11 Feb The Beginner’s Guide To Intrastate Crowdfunding
The Illinois Intrastate Crowdfunding Bill went into effect in September 2015, but investors still are not paying attention. This is mostly because not many people know what intrastate crowdfunding means or what it does. Here are a few pointers regarding this investment legislation that could open the floodgates to a wide range of capital for Illinois entrepreneurs.
Big Deal for Small, Local Businesses
Before this Bill passed, fundraising campaigns like Kickstarter and Indiegogo allowed you to invest your money in a startup in exchange for physical products or other tangible benefits in return. The Crowdfunding Bill now allows for that same investor to receive an equity stake of the company. This is a precious privilege available only to accredited investors, i.e., rich, educated, experienced gurus. The Crowdfunding Bill allows local businesses to gain much needed capital, supporting job growth and revenue in the state of Illinois.
Different States, Different Guidelines
While entrepreneurs were waiting for federal regulators to draft the rules on national crowdfunding, state lawmakers decided to take action and permit in-state businesses to raise money from local residents. Currently, each state has its own set of rules and regulations when it comes to crowdfunding, hence “intrastate”. For Illinois, certain regulations include: non-accredited investors in Illinois can write a check to local businesses, but it cannot be more than $5,000 per company per year; Illinois companies can raise up to one million dollars (or in some cases four million, as long as investors are provided with audited financial statements).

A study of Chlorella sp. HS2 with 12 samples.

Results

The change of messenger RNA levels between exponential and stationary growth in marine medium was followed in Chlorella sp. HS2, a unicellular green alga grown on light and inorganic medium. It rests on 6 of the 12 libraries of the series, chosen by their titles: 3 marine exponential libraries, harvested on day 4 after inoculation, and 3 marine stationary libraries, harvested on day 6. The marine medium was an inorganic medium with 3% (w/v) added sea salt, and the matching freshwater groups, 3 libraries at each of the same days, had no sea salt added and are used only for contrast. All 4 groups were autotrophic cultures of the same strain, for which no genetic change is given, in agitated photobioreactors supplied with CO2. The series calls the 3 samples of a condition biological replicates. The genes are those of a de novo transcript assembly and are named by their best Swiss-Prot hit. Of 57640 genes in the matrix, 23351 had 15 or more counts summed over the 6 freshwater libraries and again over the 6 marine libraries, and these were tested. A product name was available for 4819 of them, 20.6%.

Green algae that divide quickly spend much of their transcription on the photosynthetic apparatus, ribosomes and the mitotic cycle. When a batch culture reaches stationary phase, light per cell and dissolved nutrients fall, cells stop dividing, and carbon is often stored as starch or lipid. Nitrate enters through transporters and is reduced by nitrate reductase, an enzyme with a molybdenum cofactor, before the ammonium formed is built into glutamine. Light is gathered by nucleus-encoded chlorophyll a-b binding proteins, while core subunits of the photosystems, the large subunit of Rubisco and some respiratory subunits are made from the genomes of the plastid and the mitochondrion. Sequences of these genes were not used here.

As convenient as intrastate crowdfunding sounds, it’s not always the best option for businesses. When it comes to advertising your company, there are some regulations put in place by the Securities and Exchange Commission. In April 2014, the SEC prohibited businesses from using social media to promote investment opportunities, since such content marketing could reach an out-of-state audience. The consequence of doing so could be the loss of intrastate exemption. The rule is that social media can be used solely to promote their business if they’re involved in intrastate crowdfunding. Another limitation is that you have to be an accredited investor in order to make investments larger than $5,000 per company. These transactions must take place through a certified online portal.
Potential investors will take advantage of the opportunities provided through intrastate crowdfunding once the practice becomes widespread. If you’re thinking about taking advantage of this new legislation, then speak to an attorney first. State and federal crowdfunding laws are always changing. It’s important to have an attorney to keep you up to date, as well as help you take the necessary steps in order to secure an investment.